In the above article from the Atlantic, author Neal Gabler discusses the trials and tribulations the average American goes through when dealing with money. He cites numerous studies throughout his article, but the statistic that stood out to me the most was one of the first he mentioned:
"The Fed (Federal Reserve Board) asked respondents how they would pay for a $400 emergency. The answer: 47 percent of respondents said that either they would cover the expense by borrowing or selling something, or they would not be able to come up with the $400 at all."
That is ASTOUNDING to me. Of course, I am in the financial industry so having an emergency fund of six months worth of expenses (3 months if you are married in a two-income household) is one of the first things I learned. But the fact that almost half of the country isn't able to scrounge up $400 to pay for an emergency took me back.
Imagine if your company was downsizing and you were one of the unlucky few to lose your job... What would you do? Not only would almost half the country struggle to make ends meets, but what if you couldn't find a job right away? How would you replace your income? How would you pay for your mortgage or rent? How would you pay for your insurance? These are major issues people face on a daily basis but don't know how to solve.
The answer seems simple: save! Unfortunately, most people find that easier said than done.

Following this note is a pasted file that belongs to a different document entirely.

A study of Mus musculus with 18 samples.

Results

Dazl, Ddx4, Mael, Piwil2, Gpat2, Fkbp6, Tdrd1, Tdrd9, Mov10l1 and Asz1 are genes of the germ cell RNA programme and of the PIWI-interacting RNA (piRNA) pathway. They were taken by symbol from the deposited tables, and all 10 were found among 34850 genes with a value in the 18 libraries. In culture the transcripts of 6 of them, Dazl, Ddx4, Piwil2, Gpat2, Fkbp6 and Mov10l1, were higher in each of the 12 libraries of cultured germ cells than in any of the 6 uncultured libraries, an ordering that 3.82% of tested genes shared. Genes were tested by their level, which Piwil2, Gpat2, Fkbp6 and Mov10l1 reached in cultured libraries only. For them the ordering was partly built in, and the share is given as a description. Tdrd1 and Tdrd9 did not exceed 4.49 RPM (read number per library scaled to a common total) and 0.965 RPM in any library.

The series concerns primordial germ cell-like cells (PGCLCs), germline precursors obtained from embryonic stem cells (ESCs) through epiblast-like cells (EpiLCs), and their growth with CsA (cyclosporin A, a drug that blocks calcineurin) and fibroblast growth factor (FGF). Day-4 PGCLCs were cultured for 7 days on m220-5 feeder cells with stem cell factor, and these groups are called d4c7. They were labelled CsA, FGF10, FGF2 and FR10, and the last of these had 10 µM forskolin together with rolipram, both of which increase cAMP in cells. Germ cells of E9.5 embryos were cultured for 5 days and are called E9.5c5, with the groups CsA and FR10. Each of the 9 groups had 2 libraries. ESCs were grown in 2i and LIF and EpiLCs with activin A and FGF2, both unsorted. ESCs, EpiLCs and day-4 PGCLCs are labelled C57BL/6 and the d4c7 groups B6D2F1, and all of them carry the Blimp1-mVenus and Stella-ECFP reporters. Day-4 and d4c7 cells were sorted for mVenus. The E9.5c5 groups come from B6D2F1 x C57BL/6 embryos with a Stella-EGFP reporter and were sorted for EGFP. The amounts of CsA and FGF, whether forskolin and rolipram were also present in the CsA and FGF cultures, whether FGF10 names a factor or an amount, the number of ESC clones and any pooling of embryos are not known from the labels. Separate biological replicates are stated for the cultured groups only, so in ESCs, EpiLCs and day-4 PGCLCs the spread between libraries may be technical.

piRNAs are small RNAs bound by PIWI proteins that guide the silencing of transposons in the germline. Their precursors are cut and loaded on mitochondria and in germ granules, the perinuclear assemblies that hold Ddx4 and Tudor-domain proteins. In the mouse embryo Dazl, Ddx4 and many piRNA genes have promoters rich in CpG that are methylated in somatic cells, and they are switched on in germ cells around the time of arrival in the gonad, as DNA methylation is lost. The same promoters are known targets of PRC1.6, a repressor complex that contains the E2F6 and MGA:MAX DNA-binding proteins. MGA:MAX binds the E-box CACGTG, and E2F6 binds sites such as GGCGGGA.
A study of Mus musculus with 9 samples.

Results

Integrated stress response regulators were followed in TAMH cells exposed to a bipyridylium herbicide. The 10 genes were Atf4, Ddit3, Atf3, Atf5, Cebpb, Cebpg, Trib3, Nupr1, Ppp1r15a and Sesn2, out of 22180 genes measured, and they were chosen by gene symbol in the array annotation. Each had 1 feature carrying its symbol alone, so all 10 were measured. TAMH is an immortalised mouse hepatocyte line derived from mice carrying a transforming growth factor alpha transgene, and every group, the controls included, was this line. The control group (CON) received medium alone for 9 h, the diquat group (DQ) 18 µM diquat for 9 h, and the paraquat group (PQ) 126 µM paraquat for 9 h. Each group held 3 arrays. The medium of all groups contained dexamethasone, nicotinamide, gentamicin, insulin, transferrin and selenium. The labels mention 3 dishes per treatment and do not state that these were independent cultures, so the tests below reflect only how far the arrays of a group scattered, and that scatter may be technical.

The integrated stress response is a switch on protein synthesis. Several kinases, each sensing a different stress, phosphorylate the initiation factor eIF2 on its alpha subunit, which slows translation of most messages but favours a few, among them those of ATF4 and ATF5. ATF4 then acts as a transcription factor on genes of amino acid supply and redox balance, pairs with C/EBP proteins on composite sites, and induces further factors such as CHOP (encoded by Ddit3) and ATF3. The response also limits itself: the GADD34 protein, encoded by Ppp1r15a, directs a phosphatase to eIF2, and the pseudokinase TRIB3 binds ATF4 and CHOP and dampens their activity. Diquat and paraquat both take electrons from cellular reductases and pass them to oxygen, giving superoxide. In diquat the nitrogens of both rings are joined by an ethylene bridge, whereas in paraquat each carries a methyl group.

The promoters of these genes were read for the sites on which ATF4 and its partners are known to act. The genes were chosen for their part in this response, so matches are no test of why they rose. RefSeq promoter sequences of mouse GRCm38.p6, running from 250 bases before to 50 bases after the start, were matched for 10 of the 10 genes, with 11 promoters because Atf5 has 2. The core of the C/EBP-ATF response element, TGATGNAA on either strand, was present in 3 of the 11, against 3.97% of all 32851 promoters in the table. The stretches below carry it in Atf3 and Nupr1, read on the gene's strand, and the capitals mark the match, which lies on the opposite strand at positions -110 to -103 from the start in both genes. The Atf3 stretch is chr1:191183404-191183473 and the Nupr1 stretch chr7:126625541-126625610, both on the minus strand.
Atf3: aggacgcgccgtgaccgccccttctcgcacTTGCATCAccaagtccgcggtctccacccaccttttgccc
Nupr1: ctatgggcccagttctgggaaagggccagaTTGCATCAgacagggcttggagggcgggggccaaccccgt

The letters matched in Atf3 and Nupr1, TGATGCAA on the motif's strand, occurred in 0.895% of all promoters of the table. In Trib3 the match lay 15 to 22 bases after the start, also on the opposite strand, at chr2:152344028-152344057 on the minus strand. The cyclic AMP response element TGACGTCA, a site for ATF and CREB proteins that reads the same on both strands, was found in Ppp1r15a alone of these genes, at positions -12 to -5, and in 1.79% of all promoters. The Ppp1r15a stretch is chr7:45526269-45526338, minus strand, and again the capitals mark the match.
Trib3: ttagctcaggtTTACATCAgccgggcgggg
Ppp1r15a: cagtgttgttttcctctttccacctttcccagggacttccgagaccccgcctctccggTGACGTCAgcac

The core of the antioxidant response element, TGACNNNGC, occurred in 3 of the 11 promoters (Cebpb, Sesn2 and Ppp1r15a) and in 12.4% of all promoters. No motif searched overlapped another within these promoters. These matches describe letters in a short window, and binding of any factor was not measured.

People tend to use credit as a life raft to put off saving. The savings rate in America peaked in 1971 at 13.3% before falling all the way to 2.6% in 2005. According to a study done by Bruce McClary, VP of communications for the National Foundation for Credit Counseling, the savings rate as of last year was 5.1 percent. McClary found that almost 30% of American adults haven't saved a single dollar of their income for retirement.
High Debt + Low Savings = No Emergency Fund
You may be wondering why I keep stressing the importance of an emergency fund. You may be the most employable person on the planet and have job offers coming left and right, but what if you get injured and cant work? What if you cant afford your mortgage? What if something happened to your house and you couldn't pay for repairs?
The emergency fund is there for the "What ifs?" in life. Don't be part of the 47%, we all need to plan for the unexpected!